Page Turner Woman at Desk Writing Fountain Pen Black and White

Virginia Woolf famously wrote that, ‘I would venture to guess that Anon, who wrote so many poems without signing them, was often a woman.’ After Anon fell out of common use, it was an 18th century habit to use either explicitly male or otherwise androgynous initials to hide from the view that women only wrote books about sad ladies who were looking for a husband or in a bucolic cow-milking idyll (Anon now is reserved for erotica and top-level political exposés.) It is easy to feel like this is a part of history – everyone knows George Eliot was not a chap, and the Brontës are exclusively published under their own names – but the ripples of hiding who you are spread out.

We all know J K Rowling, told to make up a middle initial because no boy would want to read about a boy wizard if it were written by a woman, is Joanne. Strangely, when everyone hung onto her every word it didn’t matter – but to use Rowling as an example is to skew the sample because she was so out of the ordinary…or was she? Her first Cormoran Strike novel, submitted under the pseudonym Robert Galbraith, was met with her agent disbelieving a woman could ever have written anything like this. (I remember the joke about why women are better at writing crime, because they are often more adept at cleaning up blood regularly.)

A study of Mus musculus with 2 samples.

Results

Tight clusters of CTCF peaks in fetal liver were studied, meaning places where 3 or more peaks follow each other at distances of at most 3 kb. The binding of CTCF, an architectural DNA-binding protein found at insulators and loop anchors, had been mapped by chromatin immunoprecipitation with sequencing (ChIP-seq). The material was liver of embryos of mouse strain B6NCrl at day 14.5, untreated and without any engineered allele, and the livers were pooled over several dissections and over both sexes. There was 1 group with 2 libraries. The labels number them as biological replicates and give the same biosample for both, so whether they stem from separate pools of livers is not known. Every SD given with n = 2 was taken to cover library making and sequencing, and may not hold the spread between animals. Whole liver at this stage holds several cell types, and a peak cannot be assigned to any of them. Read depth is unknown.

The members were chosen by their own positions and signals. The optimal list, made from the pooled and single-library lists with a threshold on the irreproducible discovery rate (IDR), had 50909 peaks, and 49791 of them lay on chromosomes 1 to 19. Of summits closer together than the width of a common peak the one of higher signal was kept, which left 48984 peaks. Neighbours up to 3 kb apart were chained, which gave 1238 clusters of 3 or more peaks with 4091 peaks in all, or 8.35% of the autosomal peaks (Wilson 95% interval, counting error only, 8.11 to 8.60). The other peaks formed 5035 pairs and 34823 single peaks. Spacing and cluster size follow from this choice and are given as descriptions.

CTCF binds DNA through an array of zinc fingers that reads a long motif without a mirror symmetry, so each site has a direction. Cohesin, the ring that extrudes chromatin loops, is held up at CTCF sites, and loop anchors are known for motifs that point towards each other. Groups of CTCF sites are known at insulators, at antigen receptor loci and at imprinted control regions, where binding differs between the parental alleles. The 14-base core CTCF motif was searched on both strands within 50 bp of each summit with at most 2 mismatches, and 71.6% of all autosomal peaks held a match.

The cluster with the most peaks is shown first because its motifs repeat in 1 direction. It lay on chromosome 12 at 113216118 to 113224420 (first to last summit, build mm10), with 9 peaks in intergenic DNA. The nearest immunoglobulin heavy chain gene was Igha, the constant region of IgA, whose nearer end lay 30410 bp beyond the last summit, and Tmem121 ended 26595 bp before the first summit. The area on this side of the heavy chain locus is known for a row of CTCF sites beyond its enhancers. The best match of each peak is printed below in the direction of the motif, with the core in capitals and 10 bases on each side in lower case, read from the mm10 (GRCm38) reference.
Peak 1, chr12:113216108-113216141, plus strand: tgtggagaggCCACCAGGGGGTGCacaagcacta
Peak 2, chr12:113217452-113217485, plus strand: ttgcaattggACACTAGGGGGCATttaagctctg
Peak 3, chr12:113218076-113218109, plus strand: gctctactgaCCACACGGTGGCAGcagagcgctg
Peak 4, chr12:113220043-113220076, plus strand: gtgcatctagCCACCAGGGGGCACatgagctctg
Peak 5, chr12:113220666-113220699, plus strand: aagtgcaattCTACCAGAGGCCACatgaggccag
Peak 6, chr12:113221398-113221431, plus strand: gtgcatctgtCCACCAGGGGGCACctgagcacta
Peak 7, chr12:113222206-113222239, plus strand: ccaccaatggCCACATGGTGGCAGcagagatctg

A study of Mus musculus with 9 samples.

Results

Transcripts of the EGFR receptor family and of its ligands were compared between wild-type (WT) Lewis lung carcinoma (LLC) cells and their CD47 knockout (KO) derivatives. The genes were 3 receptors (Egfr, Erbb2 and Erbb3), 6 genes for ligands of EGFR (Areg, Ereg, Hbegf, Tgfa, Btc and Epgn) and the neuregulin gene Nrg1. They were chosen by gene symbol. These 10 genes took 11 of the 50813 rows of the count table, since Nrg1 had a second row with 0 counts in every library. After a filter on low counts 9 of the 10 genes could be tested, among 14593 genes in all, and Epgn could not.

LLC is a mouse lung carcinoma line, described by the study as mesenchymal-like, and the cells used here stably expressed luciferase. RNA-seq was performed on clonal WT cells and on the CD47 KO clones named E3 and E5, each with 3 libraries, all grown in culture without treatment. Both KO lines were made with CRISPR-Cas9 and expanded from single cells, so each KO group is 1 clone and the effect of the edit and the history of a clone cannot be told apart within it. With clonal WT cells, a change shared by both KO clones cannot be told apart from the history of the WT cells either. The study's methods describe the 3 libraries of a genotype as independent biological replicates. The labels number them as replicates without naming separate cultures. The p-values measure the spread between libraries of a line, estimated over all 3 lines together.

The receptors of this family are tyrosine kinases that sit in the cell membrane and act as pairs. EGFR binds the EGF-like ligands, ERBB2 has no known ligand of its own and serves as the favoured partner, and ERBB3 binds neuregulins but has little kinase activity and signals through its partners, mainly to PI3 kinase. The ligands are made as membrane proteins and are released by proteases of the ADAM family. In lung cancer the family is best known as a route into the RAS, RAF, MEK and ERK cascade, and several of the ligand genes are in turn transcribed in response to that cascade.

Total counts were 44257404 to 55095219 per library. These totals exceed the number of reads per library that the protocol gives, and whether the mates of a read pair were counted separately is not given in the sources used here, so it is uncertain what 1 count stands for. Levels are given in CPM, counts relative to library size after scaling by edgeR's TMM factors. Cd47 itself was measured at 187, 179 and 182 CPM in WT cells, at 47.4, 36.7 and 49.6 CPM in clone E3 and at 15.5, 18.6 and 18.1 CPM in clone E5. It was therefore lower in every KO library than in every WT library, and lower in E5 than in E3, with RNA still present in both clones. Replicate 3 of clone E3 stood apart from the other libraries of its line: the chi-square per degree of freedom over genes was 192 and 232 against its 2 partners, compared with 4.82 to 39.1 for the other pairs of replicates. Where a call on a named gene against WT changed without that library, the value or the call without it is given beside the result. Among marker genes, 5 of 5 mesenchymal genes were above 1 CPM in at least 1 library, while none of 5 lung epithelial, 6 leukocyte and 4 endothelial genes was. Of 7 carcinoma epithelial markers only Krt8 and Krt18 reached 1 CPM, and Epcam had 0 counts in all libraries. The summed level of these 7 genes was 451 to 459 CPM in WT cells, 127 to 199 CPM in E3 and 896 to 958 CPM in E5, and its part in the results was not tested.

Oh, but Page Turner, you cannot extrapolate from one modern author! Ah, but the problem runs deeper than that. Catherine Nichols sent her novel to 50 different agents under her own name and received only two requests. Submitting the same novel under a male name she received 17 requests out of the same number of submissions – the homme de plume was almost eight times better a writer, apparently. So, what to do? It seems almost impossible to answer, and the problem is further complicated with some male authors publishing in traditionally women-dominated fields (psychological thrillers etc.) under ambiguous initials and using biographies that do not reveal their identity. Examples include JP Delaney with The Girl Before and AJ Finn with The Woman in the Window – following on from the success of Gone Girl but with male authors.

Perhaps one solution could be to submit all fiction anonymously, a model adopted by several online literary journals, and for the author’s identity to only be revealed after acceptance for publication. This does not seem practical in an industry that often offers multiple-book contracts. Again, we could look at the way different books are marketed (remember the scandal when The Bell Jar was re-released with a woman putting on lipstick in a compact mirror, as it is really anything but a light romance) but this may alienate more potential readers than it brings in.

I don’t have any clear or good answers. But this month, definitely buy books and read books by women. They can be excellent, I promise.